The Arctic: Exploration Timeline
Arctic Timeline: Ancient Times from 330 BC to 1000 AD
Arctic Timeline from 1594-1610
Arctic Timeline from 1725-1779
Arctic Timeline from 1776-1779
Arctic Timeline from 1819-1831
Arctic Timeline from 1845-1873
Arctic Timeline 1878
Arctic Timeline from 1879-1882
Arctic Timeline from 1882-1884
Arctic Timeline from 1886-1909
Arctic Timeline from 1893-1895
Arctic Timeline from 1903-1905
Arctic Timeline from 1910-1915
Arctic Timeline from 1918-1925
Arctic Timeline 1930
Arctic Timeline 1958
Arctic Timeline from 1970-1990s
Arctic Timeline from 1993-1998
Arctic Timeline from 2007-2008
Portrait of William Edward Parry from the National Archives of Canada. © Public domain.
Portrait of John Franklin. © Public domain.
Portrait of James Clark Ross. © Public domain.
The search for the Northwest Passage is resumed.
William Edward Parry, a British naval officer, takes his first voyage in search of the Northwest Passage. This is the first expedition to enter the Arctic Archipelago. He reached 110°W before ice prevented him going further, and the members of the expedition had to winter over on Melville Island.
John Franklin, another English sea captain, sets out on an overland and canoe expedition up the Coppermine River to explore the north coast of America. He planned to meet up with Parry who was coming by sea. Unfortunately, it ends disastrously with 11 of its 20 members of the expedition losing their lives, most of them dying from starvation.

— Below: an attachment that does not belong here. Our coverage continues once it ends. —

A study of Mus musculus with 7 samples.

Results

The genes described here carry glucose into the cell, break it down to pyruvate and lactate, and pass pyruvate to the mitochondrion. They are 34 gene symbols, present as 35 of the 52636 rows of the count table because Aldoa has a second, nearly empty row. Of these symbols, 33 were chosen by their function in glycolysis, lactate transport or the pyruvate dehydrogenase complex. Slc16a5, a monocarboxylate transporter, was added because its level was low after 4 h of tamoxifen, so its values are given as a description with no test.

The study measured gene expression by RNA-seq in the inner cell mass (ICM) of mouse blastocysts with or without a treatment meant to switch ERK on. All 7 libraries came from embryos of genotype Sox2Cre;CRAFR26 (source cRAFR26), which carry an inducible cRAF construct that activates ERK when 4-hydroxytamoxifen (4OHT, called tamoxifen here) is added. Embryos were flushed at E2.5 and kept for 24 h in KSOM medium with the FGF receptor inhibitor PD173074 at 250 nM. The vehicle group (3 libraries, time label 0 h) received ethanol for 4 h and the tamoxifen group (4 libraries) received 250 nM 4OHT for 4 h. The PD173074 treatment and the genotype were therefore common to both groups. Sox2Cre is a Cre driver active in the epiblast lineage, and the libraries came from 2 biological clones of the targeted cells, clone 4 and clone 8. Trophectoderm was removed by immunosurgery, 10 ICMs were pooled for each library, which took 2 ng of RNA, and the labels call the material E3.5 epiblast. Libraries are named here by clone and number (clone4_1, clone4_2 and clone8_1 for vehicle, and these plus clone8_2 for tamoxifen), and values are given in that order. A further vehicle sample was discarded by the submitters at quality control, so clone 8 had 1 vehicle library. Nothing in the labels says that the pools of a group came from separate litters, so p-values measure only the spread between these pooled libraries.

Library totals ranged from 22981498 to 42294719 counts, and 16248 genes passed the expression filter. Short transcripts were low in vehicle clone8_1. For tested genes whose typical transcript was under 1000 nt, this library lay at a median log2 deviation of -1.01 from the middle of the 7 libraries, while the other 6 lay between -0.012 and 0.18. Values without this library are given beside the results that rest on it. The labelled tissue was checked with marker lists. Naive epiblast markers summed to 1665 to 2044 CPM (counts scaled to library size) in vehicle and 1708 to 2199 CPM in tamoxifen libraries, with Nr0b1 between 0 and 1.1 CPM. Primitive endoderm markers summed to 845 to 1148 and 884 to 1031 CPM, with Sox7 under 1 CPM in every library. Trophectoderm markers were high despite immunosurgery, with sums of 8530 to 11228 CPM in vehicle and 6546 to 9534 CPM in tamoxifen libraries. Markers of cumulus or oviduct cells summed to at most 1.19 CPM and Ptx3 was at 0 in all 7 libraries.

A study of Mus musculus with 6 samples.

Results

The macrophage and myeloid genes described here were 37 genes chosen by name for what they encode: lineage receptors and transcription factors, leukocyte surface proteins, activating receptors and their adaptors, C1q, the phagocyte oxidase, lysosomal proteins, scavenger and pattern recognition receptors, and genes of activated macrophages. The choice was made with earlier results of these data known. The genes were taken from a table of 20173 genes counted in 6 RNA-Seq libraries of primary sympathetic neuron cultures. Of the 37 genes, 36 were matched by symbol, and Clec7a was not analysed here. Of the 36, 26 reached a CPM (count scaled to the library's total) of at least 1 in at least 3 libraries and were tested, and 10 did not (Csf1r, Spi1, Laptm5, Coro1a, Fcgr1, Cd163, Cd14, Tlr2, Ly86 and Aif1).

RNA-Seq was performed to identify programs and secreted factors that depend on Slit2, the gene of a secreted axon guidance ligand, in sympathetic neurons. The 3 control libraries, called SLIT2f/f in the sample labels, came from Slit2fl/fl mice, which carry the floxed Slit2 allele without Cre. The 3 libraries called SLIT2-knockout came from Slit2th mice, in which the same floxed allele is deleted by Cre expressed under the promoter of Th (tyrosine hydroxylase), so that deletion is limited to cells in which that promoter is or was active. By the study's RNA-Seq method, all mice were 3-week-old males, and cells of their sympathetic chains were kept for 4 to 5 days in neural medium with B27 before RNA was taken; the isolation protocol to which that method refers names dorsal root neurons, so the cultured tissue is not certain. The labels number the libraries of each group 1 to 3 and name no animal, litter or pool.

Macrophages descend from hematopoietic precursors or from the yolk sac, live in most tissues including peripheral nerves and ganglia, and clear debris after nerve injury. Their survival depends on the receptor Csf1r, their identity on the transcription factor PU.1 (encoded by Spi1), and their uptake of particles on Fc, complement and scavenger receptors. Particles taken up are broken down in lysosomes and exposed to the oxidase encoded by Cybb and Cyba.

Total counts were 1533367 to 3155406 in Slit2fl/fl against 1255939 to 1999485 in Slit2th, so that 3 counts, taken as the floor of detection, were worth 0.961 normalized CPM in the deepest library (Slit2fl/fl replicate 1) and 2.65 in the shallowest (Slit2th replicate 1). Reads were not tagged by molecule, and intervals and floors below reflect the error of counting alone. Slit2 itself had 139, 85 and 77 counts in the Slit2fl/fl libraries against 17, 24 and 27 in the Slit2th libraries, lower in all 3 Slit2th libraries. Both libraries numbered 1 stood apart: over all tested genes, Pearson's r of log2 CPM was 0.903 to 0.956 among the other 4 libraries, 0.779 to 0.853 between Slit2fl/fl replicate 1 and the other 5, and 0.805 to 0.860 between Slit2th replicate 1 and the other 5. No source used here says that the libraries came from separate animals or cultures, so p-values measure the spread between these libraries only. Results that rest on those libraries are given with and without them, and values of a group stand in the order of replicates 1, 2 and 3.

William Edward Parry leaves on his second voyage in search of the Northwest Passage with his ships Hecla and Fury. He was to go through Hudson Strait and explore the territory west of Baffin Island. Once again, he was forced to winter over. A group of native Inuits told him of a strait that led to the sea in the west. Once the ice cleared, Parry set sail to find the strait. He did so, but it was covered with ice. After spending yet another winter in the region in the hope the ice would clear, he had to end the expedition.
Parry sails on his third and final voyage to the Canadian Arctic. Encountering shifting ice, the Fury was pushed on shore and sustained serious damage. Parry abandoned it, taking all the crew on board Hecla, and decided to return to England.
Parry heads north again, this time attempting to reach the North Pole via Spitsbergen. He reaches 82°45’N and establishes a farthest north that stands for 52 years.
James Clark Ross, who had sailed with Parry on the previous expeditions and later led an expedition to Antarctica, resumes the search for the Northwest Passage. He is the first to reach the North Magnetic Pole. Ross abandons his ship, and it is 4 years before the expedition returned home.